Publisher: Bold Strokes Books
Sometimes a book is so good that writing a review is difficult. The concern is that something will be said in the review that will cause a reader not to try the book. That would be a true shame in the case of Carly's Sound.
Carly Stevens is dead. That isn't a spoiler. That fact is established on the first page. Poppy Valente felt her world die when Carly died in her arms. It was nine hundred and seventeen days before the book starts and Poppy finally feels like she can begin to get on with her life. She doesn't ever expect to be happy again, but Valente Resorts will keep her busy and there are people who depend on her. She's drawn back to Carly's Sound, the resort that she and Carly had planned to be special for them. Maybe there she can find the will to go forward alone.
Julia Johnson is hoping to start again also. Her brother Rayford has been hired to be the assistant manager at a new resort and Julia is pretending to be his wife so that she can begin a new life with her small child. Things only become more complicated when she discovers that her new friend, who has opened up so many possibilities to her and who takes such good care of her daughter, is her brother's boss. She wants to open her heart to the sensitive woman, but is afraid of the lie that stands between them. And there is the fact that she has to compete with a dead woman.
Carly's Sound is a sensitive story about loss and renewal. Ali Vali shows a masterful use of the language in the way she deals with Poppy's feelings. There are no long tortuous passages about how much she misses Carly. Instead, Vali uses her words and actions to show how much Carly meant to Poppy and what a devastation her loss was. Vali doesn't bludgeon the reader with sadness, but the feeling is still there. One of the best devices used in the book is to have Carly's ghost appear in the story. Whenever Poppy's misery threatens to become too strong, Carly pops in and provides some comic relief. The great affection between the two characters is obvious, but so is the fact that Carly is ready for Poppy to move on.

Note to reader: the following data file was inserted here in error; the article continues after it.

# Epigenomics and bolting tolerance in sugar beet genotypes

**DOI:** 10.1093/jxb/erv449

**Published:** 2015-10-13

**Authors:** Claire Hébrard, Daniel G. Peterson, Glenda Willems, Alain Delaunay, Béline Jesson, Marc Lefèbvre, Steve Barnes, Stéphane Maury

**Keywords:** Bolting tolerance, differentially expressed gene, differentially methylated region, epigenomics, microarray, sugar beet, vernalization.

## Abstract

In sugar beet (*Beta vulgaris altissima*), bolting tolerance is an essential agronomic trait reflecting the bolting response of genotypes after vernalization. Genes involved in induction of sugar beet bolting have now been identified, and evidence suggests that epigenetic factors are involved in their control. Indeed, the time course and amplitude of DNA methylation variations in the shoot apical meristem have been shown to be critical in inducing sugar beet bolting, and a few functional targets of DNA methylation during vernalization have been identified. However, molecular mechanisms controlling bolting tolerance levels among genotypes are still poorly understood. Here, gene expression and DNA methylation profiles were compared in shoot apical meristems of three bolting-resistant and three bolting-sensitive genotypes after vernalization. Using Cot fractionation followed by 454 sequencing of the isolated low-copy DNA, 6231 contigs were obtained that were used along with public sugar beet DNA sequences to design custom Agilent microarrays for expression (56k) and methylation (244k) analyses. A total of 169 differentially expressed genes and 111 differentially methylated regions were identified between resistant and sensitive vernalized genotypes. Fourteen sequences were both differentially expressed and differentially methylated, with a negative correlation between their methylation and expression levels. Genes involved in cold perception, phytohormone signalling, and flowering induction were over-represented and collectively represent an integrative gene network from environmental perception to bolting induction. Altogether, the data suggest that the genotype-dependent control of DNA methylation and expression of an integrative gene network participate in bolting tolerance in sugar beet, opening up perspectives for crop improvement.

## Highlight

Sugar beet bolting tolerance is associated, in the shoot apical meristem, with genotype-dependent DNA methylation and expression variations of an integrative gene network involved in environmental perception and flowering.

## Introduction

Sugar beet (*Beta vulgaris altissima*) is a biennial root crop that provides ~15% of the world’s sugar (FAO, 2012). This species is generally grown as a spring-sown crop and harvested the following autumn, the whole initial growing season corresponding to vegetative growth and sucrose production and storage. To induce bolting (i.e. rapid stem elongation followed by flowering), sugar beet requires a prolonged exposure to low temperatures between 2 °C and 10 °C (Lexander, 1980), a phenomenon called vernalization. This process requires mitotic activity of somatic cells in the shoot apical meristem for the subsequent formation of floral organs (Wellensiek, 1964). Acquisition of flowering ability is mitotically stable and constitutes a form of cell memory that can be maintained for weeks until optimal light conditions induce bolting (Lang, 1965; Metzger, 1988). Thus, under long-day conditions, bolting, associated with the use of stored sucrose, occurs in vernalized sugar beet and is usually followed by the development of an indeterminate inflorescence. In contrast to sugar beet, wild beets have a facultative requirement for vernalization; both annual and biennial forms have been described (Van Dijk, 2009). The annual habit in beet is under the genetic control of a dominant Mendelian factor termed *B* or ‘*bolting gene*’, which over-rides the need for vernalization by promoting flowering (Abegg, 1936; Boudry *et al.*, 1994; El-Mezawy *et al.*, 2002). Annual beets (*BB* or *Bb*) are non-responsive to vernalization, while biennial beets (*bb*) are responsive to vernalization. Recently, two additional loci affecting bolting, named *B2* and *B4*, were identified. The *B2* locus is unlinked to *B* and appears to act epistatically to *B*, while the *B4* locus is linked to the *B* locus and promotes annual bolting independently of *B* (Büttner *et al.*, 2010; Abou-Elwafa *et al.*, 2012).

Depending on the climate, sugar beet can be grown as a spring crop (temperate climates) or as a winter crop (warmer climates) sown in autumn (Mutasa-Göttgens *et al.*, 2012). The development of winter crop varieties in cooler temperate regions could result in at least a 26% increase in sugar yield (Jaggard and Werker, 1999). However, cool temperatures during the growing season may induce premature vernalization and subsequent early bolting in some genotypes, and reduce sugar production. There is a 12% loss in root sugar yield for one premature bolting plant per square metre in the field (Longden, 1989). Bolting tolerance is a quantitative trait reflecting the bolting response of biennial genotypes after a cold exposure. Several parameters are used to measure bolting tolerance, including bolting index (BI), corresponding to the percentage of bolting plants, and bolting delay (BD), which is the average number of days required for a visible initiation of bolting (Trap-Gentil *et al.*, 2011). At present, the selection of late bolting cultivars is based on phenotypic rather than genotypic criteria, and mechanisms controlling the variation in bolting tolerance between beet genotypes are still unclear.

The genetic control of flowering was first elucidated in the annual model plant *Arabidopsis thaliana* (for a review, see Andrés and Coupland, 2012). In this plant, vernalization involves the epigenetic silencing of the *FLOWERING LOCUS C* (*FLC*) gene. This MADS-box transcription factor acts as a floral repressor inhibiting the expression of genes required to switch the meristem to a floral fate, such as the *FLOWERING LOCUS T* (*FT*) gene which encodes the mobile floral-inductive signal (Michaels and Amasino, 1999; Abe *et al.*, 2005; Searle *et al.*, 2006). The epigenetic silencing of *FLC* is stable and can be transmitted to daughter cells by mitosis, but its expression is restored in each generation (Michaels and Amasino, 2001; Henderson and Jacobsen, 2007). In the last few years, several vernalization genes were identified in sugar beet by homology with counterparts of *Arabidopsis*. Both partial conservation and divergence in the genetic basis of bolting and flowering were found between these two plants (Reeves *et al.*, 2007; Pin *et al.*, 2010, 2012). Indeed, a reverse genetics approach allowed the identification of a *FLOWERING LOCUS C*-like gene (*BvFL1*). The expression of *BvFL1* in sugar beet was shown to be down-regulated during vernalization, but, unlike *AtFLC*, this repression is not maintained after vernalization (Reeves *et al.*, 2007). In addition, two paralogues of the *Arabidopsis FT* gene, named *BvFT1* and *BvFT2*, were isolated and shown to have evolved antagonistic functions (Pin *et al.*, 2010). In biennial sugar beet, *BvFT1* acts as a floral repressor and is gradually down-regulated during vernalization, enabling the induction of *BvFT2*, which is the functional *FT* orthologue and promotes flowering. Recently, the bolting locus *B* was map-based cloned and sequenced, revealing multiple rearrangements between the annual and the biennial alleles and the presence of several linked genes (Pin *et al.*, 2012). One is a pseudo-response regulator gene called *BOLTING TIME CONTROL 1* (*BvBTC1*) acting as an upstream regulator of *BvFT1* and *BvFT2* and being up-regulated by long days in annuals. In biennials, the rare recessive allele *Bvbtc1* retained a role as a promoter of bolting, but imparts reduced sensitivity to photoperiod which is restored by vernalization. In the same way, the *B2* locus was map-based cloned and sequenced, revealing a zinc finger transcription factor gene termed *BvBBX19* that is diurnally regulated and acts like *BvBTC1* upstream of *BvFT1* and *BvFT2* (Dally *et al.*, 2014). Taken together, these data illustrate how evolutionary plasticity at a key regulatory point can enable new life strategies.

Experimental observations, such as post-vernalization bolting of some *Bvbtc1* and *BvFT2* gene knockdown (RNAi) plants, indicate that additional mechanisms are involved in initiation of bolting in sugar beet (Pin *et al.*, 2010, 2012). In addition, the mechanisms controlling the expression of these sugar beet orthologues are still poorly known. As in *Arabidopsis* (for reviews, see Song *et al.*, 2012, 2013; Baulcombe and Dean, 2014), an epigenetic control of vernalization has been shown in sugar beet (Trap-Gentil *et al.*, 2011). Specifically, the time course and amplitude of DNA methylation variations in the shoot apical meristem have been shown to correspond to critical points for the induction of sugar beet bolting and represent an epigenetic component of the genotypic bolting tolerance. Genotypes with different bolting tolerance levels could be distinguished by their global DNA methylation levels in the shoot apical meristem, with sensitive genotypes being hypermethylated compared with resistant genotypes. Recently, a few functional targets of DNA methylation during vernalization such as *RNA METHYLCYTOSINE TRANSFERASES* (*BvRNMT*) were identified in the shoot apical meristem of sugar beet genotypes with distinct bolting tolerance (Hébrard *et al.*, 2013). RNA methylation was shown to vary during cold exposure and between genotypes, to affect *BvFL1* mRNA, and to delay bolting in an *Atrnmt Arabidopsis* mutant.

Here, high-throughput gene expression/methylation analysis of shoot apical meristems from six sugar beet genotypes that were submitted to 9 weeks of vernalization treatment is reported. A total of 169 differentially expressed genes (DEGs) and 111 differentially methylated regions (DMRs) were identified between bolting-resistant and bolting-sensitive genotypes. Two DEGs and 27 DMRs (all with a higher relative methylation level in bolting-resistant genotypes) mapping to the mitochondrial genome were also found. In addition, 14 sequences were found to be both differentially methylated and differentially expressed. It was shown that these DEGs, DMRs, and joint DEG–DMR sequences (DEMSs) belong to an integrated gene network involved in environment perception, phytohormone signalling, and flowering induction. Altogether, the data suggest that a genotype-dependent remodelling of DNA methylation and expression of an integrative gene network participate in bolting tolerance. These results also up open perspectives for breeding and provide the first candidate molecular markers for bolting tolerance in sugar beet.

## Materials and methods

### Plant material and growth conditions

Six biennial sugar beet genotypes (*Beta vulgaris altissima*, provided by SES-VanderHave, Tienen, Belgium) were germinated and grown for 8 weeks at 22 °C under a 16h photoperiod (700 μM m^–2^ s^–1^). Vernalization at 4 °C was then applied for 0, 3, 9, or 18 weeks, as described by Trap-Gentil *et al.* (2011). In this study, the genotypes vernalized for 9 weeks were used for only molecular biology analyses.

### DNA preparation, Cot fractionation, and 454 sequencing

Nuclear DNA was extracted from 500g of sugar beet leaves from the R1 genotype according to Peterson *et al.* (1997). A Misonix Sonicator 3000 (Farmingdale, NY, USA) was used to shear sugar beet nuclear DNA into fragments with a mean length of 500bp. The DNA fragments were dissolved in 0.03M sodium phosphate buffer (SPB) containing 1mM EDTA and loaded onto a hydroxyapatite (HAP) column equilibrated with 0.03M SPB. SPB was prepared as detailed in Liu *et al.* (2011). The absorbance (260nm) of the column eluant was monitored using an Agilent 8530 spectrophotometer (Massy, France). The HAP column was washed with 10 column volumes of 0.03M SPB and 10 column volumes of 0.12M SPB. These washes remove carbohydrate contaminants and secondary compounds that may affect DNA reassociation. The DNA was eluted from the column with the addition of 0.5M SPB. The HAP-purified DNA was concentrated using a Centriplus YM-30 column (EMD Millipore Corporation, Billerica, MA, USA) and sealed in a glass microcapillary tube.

The reader can also feel Poppy's confusion as her feelings for Julia begin to develop and she feels that she is somehow betraying the relationship she had with Carly. Julia provides a perfect character study as the woman who wants to love Poppy, but is afraid she will never be able to live up to what Poppy had before.
Vali shows herself to be a talented writer in how she tells her story and presents her characters. Whether or not the reader has ever experienced such a loss, you will feel empathy with the characters and know that you've read a good book.